The long list of New York restaurants named after house pets can’t be stopped: There’s Bronson’s Burgers in Nolita, Nura in Greenpoint, Rolo’s in Ridgewood, and Winona’s in Bed-Stuy — all of which opened during the pandemic. (Sorry, Deux Chats.) The latest comes from Greg Baxtrom, the chef behind Prospect Heights restaurants Olmsted, Maison Yaki, and Patti Ann’s, as well as the newly opened Five Acres in Rockefeller Center. According to a spokesperson, Baxtrom has shuttered his French Japanese skewer spot Maison Yaki to make way for Petite Patate, a French bistro named after his dog, Spud. The new restaurant, opening on February 10 at 626 Vanderbilt Avenue, near Prospect Place, ditched Japanese influences for a menu with mussels a la bouillabaisse, duck liver toast, and steak bearnaise.
Tacombi is opening a massive tortilla factory in Brooklyn
Tacombi, the taqueria chain backed by Shake Shack founder Danny Meyer, is bringing a 30,000-square-foot tortilla factory to Sunset Park. Gov. Kathy Hochul announced the news in a press release on Thursday afternoon, saying the facilities would “expand operations and increase production capacity.” In addition to the 11 locations of Tacombi in New York, the company runs the Vista Hermosa line of pantry items, including packaged corn and flour tortillas sold at some 2,000 retailers across the country.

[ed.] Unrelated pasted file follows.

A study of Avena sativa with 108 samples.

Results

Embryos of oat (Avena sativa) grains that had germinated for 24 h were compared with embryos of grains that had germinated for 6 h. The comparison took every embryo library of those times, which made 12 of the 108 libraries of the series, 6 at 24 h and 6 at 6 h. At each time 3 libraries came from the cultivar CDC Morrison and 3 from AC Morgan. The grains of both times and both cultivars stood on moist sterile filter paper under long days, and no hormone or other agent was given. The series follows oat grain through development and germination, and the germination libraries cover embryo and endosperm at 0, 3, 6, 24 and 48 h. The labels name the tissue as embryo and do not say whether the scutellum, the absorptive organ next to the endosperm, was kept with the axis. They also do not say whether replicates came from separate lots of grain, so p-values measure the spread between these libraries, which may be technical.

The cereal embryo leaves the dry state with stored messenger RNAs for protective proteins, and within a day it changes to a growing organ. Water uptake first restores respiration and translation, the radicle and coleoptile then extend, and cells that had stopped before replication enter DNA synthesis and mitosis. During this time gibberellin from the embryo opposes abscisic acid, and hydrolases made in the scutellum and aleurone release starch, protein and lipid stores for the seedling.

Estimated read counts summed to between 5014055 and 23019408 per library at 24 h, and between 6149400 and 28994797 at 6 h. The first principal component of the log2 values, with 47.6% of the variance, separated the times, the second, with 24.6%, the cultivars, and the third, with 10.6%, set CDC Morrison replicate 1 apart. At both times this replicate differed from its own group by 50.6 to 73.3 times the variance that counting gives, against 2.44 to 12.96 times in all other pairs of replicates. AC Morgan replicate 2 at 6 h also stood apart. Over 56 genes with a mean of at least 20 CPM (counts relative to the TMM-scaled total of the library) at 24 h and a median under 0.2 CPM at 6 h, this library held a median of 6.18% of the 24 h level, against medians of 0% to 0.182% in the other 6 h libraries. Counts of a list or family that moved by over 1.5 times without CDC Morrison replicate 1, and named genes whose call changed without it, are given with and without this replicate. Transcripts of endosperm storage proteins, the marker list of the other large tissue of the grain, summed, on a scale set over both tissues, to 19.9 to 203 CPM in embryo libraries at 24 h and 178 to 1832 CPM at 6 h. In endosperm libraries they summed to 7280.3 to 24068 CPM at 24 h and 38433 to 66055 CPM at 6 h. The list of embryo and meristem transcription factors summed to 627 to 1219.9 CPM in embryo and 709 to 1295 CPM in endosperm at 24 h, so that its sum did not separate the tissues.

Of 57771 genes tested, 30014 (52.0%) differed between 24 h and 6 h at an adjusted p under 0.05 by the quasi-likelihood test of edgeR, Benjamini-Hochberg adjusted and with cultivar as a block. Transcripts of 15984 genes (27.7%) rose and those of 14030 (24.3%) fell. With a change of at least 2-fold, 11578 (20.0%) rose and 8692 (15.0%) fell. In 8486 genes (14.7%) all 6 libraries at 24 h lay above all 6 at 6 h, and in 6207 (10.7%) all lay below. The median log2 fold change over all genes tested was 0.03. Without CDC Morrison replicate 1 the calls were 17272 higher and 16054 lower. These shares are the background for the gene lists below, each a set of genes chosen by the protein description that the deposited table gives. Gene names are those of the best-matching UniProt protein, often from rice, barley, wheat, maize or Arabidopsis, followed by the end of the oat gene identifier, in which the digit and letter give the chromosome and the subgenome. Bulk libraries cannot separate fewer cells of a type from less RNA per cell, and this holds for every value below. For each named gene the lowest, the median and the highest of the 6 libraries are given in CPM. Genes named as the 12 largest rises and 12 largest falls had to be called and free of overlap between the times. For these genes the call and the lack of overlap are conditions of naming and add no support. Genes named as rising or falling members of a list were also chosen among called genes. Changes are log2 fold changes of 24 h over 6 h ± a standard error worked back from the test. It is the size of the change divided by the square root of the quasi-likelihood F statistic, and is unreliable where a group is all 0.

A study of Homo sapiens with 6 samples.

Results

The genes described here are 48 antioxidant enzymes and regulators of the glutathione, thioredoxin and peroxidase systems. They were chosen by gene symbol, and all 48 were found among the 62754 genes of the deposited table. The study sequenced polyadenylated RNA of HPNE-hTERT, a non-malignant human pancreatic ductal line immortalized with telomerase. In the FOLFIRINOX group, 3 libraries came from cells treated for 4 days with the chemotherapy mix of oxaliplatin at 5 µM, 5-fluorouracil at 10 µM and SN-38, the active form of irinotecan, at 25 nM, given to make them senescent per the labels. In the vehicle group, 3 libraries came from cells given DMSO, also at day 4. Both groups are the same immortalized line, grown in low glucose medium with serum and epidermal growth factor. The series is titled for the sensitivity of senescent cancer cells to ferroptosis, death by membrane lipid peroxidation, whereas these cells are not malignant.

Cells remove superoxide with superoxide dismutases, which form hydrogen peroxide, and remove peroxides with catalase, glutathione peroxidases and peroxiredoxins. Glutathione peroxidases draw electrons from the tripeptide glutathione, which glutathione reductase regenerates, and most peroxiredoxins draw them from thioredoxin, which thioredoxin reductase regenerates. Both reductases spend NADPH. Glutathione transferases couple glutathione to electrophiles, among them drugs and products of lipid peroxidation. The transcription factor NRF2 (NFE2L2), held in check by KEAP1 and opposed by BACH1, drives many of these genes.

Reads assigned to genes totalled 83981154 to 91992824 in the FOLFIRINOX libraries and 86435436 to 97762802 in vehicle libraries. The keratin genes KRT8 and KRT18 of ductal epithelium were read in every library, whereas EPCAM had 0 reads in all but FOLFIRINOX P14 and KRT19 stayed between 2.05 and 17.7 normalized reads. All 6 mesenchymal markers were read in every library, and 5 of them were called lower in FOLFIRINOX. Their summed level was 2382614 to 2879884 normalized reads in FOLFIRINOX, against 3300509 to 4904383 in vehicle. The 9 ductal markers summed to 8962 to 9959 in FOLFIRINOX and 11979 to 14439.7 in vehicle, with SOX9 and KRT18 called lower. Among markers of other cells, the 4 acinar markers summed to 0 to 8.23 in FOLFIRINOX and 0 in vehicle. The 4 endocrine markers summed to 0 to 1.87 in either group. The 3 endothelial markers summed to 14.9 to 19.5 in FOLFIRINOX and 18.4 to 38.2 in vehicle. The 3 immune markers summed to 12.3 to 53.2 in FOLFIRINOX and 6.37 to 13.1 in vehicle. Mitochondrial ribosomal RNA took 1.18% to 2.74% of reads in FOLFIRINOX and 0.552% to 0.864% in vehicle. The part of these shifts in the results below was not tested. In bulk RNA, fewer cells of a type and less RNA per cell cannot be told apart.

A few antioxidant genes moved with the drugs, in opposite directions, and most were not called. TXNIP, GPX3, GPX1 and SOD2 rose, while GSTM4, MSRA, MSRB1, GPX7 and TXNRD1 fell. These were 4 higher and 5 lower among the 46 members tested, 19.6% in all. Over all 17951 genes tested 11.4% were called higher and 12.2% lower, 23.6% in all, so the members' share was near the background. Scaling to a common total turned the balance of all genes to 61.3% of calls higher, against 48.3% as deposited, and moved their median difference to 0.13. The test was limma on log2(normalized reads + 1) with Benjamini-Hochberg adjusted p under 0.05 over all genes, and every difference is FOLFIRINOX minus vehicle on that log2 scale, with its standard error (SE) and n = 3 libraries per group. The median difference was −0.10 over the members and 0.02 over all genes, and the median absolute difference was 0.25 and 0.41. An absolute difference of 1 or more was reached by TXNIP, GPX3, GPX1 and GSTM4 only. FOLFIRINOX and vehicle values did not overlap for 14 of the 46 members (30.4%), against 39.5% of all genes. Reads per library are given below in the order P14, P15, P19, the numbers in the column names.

The city’s ‘first Peranakan restaurant’ opens this month
Salil Mehta, the Singaporean chef behind Laut, Singapura, and a handful of restaurants in and around Union Square, claims to be opening the “first Peranakan restaurant” in New York this month (though readers have refuted the claim, with Peranakan dishes found throughout the city). Kebaya will focus entirely on food from Singaporeans with roots in Malaysia and parts of Indonesia, with savory kuih pastry and a medley of braised pork intestine, stomach, and ears braised in caramelized ginger. It opens at 20 E. 17th Street, between Broadway and Fifth Avenue, on February 14.
Could Greenpoint be ‘Little Tokyo’ in Brooklyn?
The New York Times argues this week that Greenpoint, a north Brooklyn neighborhood best known for its Polish immigrant communities, has become an enclave for Japanese businesses and immigrants. The article points to a crop of Japanese food businesses that have opened in the area in recent years, including the restaurant Rule of Thirds; Mitsuki, a small grocer along Manhattan Avenue; the cafe Acre; and others.